September 01, 2021 Posted in: Orthopedics

Posture plays an important role in the lifelong health of your spine. Most people spend hours a day sitting at a desk, catching up on their favorite TV show, or looking through the latest updates on their phone. Over time, these activities contribute to evolved habits that force the spine and muscles to adjust in unnatural, unhealthy ways. 

The risk factors for chronic back pain can be as simple as maintaining unhealthy posture, poor exercise habits, smoking, or a person’s age. Other factors may include traumatic injury, depression, a labor intensive job, or progressive degenerative structural changes. Although some causes are more preventable than others, you can take the steps to identify the sources of your back pain and work to cut down on any undue burden placed on your spine. 

Get to the root of your back pain

Many sedentary or technology-involved activities require us to operate with our head down and arms forward, triggering a tightness and shortening in the muscles in the front of our bodies. This causes the muscles and ligaments in the back to compensate by overstretching and elongating. Overworking these parts of the body means that your weight is no longer supported by the skeleton as designed, and the unnecessary strain caused by poor posture can lead to arthritis, back strain, disc herniation and other orthopedic issues. 

Another factor that may contribute to lower back pain (LBP) is weight. Although the conclusions on the influence of obesity tend to be focused on the biomechanical effects that lead to excessive loading and degeneration of the lumbar spine, evidence suggests that systemic inflammation related to obesity may be an important contributor to LBP. Other research shows that after four years, patients with a high body mass index realized less clinical benefit from treatment of lumbar disc herniation compared to non-obese patients.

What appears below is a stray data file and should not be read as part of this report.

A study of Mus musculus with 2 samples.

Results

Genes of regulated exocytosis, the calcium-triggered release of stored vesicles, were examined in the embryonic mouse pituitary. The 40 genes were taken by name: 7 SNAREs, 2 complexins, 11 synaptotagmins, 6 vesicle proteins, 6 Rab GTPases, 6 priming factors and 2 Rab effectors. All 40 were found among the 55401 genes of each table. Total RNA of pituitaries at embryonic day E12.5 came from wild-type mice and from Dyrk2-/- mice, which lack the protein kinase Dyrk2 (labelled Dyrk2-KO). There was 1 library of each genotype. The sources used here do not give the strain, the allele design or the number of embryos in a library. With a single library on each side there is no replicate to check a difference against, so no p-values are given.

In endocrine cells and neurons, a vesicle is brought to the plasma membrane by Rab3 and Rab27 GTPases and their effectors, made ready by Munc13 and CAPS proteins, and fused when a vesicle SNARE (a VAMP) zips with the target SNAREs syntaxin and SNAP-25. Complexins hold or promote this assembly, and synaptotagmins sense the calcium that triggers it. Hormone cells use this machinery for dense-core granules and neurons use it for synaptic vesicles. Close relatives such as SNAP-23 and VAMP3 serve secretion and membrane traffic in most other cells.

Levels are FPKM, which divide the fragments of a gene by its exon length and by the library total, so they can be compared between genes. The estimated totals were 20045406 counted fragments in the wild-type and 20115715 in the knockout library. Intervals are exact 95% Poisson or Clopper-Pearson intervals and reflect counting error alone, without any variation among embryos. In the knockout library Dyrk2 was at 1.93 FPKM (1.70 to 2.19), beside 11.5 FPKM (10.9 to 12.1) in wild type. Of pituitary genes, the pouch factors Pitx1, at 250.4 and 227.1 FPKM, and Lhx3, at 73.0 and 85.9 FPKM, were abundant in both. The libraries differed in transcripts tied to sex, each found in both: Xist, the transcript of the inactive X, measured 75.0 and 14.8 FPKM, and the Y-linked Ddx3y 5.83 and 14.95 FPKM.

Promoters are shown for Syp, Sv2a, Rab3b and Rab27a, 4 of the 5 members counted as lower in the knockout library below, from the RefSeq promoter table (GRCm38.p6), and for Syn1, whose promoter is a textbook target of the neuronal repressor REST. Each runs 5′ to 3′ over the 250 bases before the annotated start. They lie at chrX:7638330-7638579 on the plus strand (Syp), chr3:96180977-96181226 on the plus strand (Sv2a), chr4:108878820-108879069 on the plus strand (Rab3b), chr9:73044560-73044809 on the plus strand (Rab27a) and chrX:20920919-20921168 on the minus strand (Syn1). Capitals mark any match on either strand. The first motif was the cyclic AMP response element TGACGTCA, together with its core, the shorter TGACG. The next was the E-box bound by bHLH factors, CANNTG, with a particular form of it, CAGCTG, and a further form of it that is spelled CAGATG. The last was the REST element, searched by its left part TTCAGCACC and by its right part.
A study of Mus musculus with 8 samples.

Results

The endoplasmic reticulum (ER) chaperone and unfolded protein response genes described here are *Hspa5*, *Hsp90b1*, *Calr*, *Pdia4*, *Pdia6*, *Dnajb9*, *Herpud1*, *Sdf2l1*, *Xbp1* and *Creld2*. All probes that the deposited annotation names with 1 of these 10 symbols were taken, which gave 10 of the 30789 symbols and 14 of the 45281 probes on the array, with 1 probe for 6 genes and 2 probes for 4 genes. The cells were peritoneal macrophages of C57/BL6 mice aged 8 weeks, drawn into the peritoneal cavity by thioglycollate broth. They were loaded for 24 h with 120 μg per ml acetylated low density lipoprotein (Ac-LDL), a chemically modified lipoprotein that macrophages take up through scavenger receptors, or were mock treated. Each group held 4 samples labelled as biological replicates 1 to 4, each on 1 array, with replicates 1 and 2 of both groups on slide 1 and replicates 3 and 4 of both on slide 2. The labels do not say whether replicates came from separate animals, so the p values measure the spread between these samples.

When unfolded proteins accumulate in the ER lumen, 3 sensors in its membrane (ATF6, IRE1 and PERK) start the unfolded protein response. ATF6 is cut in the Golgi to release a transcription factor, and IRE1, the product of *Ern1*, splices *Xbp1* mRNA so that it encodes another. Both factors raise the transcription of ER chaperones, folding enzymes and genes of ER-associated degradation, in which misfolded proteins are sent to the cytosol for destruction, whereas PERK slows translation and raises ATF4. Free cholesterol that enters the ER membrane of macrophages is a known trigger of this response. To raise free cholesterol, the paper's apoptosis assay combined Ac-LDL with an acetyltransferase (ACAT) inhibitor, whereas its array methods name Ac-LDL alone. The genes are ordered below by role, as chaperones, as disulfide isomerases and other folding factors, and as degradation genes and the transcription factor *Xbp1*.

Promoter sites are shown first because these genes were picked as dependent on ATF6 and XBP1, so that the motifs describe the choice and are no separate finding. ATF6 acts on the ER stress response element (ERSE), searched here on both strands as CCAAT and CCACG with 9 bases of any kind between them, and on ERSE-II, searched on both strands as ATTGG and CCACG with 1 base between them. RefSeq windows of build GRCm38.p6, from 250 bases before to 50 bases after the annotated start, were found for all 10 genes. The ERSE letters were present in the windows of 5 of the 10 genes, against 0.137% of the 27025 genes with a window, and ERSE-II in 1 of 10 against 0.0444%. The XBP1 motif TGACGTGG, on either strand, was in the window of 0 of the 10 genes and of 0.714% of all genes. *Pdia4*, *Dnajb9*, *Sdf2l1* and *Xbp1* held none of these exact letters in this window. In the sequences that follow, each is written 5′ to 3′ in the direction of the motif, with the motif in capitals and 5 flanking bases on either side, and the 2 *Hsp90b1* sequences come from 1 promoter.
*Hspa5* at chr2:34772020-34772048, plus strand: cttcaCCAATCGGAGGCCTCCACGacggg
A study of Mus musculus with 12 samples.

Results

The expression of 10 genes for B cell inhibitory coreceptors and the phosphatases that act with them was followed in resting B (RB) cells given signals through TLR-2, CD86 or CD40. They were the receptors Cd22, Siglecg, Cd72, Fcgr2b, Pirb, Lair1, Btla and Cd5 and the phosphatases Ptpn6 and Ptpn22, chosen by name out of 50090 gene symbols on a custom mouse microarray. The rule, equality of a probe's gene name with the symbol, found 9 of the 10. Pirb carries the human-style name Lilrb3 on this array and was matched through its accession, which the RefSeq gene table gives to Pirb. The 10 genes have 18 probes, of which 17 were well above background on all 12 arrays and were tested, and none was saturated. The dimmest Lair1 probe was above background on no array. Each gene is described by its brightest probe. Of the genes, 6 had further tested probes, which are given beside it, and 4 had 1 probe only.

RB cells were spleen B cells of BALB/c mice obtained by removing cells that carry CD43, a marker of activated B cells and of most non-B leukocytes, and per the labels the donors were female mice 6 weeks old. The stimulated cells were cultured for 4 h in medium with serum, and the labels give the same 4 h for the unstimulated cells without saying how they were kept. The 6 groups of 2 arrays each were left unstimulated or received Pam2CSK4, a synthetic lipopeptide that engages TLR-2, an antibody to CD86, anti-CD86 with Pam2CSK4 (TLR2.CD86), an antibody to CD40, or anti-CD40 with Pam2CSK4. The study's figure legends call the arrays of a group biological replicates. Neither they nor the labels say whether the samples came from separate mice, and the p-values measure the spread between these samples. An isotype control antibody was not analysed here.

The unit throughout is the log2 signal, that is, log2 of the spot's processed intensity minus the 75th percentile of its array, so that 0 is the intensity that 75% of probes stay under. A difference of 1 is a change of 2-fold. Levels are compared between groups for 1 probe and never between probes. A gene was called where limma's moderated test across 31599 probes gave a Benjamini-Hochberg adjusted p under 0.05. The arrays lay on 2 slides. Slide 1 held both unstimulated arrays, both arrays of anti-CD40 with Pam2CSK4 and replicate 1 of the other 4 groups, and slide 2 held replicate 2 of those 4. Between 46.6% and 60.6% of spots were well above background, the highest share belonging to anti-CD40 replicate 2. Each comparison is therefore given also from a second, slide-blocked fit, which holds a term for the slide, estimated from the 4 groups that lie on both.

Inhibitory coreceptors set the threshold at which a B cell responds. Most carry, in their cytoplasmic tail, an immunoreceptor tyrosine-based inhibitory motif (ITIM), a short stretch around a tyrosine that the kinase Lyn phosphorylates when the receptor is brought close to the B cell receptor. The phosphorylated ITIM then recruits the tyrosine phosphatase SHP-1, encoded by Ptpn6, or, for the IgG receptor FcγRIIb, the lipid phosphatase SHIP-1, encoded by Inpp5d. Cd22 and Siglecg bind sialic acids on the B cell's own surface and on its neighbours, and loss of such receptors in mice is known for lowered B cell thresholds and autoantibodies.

Similarly, a decrease in bone density, or osteoporosis, contributes to chronic back pain. Although not painful in and of itself, the greatest risk associated with this medical condition is for a compression fracture of the vertebrae that triggers progressive loss of spinal alignment and postural deformities. Once the muscles, nerves and ligaments are affected, osteoporosis becomes painful. 

If you suffer from back pain, the first step to improvement is seeking out a physical therapist for an assessment of your back’s health. Not all people have the same needs nor start at the same place. After taking time to learn proper body mechanics and incorporating them into your daily routine, you reduce the regular strain consistently placed on your back. Small steps such as understanding what it means to have a strong core and exercises related to strengthening this area help minimize the burden placed on your back. 

For more information on rehabilitation services, call (423) 495-7466.